State: magazine ban constitutional, upholds public safety


The state is opposing a request by attorneys for Max Misch, of Bennington, to invalidate the ban under which Misch was charged last year.

The magazine ban is constitutional, because nothing in the state constitution explicitly prohibits the regulation of magazine capacity, Solicitor General Benjamin Battles said in a brief filed Friday.

"To the contrary, multiple provisions anticipate legislative regulation of firearms," he said in the state's response to the brief of Max Misch, who is charged with twin counts of possessing two 30-round rifle magazines.

Authorities said Misch, 37, bought the magazines after Oct. 1, 2018, when the state banned magazines containing more than 10 rounds for long guns and more than 15 rounds for handguns.

Misch's lawyers earlier told the state Supreme Court that the ban violates two articles in the Vermont Constitution: people's right to bear arms for defense, as well as a prohibition against the passage of laws that benefit only certain people.

The defense attorneys said the court has already recognized that while the state legislature's powers are expansive, it can't infringe on any part of the state constitution.

The Vermont Attorney General's office, which is prosecuting Misch, responded that people's right to bear arms should be governed by a "reasonable regulation" standard, which allows lawmakers the "flexibility to protect Vermonters against gun violence."

Battles argued in the brief, prepared alongside three assistant state attorney generals, that any burden the ban places on the right to bear arms in self-defense is at most minimal. Vermonters can buy as many firearms and law-compliant magazines as they want, he said, adding incidents have shown that Vermonters who fire in self-defense don't dispense more than 15 rounds from a handgun or 10 rounds from a long gun.

But limiting magazine size helps the state reduce the likelihood of mass shootings and the harm that comes from them, Battles said, reiterating the state's position. Quoting case precedent, he said large-capacity magazines are disproportionately used in mass shootings, and result in more people wounded and wounds per victim.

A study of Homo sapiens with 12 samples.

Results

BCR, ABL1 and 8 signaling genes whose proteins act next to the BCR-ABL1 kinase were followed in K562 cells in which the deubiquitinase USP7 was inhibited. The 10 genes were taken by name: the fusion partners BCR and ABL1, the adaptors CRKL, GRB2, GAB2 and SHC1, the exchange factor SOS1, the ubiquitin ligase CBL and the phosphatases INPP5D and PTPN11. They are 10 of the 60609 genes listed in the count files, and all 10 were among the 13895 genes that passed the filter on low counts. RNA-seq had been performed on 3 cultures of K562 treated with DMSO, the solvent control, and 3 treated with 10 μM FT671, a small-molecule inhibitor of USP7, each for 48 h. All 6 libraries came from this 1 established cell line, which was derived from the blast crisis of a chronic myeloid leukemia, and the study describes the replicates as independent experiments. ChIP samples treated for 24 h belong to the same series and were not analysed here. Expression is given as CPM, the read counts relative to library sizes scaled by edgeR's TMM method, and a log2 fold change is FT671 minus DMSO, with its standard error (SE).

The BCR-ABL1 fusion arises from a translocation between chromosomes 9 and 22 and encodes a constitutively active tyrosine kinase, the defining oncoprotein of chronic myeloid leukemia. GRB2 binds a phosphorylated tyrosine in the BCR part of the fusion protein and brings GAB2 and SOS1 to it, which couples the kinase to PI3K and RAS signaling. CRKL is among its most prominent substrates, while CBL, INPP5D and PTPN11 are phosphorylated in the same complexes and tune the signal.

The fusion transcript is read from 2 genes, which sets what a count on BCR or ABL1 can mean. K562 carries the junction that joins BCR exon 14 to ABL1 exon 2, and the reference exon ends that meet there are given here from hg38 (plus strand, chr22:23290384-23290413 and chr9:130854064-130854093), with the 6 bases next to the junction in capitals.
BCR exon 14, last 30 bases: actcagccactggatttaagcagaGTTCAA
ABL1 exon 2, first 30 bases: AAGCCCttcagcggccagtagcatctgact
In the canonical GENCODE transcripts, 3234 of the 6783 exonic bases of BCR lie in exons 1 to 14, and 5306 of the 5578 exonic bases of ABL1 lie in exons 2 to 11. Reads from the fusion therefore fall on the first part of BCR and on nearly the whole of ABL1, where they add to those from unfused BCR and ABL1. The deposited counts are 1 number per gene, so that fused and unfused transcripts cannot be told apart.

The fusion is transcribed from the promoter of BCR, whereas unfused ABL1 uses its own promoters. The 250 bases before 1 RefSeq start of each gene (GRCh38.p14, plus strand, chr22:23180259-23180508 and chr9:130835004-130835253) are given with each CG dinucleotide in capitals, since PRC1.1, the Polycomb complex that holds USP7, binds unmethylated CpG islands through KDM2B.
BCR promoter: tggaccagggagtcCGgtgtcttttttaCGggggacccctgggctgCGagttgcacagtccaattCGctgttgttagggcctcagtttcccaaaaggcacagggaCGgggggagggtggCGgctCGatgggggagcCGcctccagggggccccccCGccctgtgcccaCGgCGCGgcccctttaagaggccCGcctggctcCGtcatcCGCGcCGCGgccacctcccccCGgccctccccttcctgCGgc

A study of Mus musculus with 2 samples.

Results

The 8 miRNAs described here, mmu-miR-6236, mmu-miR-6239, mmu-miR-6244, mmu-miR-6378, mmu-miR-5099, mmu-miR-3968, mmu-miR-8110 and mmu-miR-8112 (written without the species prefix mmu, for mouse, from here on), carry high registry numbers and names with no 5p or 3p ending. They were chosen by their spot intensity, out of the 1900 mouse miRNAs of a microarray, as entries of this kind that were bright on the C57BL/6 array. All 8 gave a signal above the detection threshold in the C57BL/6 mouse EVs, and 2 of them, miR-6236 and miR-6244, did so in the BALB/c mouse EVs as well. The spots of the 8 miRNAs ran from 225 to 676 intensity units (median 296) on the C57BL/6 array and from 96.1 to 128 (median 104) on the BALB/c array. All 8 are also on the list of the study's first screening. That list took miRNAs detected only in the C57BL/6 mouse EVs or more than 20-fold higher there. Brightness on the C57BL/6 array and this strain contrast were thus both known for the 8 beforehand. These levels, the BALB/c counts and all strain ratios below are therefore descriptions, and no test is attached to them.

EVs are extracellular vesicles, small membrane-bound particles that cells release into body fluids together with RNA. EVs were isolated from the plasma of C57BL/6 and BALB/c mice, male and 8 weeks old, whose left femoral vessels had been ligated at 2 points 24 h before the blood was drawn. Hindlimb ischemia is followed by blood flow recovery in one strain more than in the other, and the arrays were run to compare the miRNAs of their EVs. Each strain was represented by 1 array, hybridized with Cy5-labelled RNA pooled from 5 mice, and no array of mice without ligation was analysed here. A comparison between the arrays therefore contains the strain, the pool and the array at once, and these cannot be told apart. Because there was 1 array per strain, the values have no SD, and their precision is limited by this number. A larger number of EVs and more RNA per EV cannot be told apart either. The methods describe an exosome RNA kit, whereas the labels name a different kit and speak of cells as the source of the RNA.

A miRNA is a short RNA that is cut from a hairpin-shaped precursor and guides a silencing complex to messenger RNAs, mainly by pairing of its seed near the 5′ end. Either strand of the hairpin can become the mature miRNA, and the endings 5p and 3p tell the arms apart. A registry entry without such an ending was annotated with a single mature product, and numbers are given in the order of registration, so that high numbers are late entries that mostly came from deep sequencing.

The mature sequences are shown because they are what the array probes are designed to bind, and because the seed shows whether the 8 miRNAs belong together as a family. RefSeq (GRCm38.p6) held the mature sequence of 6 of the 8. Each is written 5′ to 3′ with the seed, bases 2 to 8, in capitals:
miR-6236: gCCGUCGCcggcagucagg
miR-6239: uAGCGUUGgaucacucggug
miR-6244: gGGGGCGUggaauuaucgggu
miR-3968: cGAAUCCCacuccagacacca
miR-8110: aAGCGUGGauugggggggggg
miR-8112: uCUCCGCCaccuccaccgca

"At the most extreme, defendant's desired right to bear arms without 'limitation' would seemingly permit him to acquire a machine gun, a rocket launcher, or even a nuclear warhead without the State being able to intervene."

In response to Misch's contention that the ban's exemptions offer preferential treatment to the government — including law enforcement personnel — Battles said the law does not violate the state constitution's common benefits clause because the exemptions are justified by public safety.

"Although large-capacity magazines have limited utility as a self-defense tool, law enforcement — unlike the general public — at times must use force offensively," he said. "Excluding officers trained to handle particularly dangerous firearms is reasonably related to the State's public safety goals."

But if any of the exemptions violates the constitution, the state said the solution is to remove that portion rather than strike down the entire magazine ban.

Misch's attorneys are asking for the opportunity to argue their case before the Supreme Court justices, according to the court clerk's office. The schedule is pending.

A ruling in Misch's favor could lead to the dismissal of the two misdemeanor charges, each count punishable by up to a year in jail and a fine of $500. Misch is believed to be the first person charged for violating Vermont's magazine ban.

Associate Justice William Cohen, recently appointed to the state Supreme Court, deemed the ban lawful when he heard Misch's case in Bennington County Superior Court. Afterward, the attorney general's office and Misch's attorneys together asked the Vermont Supreme Court to assess the ban's constitutionality. Cohen is recusing himself from the appeal.

Misch is free from jail on conditions. The state also has accused him of violating his conditions of release three times in 2019. In one instance, he allegedly purchased a gun from a Bennington store, though he did not physically take possession of it, according to court documents. Misch has pleaded not guilty to those three charges.

A self-described white nationalist, Misch has admitted to trolling former state Rep. Kiah Morris around the time she filed complaints of racially motivated harassment and threats. Attorney General T.J. Donovan said that Morris, who is African American, was a "victim of racial harassment," but found no grounds for criminal charges.

Contact Tiffany Tan at ttan@benningtonbanner.com or @tiffgtan on Facebook and Twitter.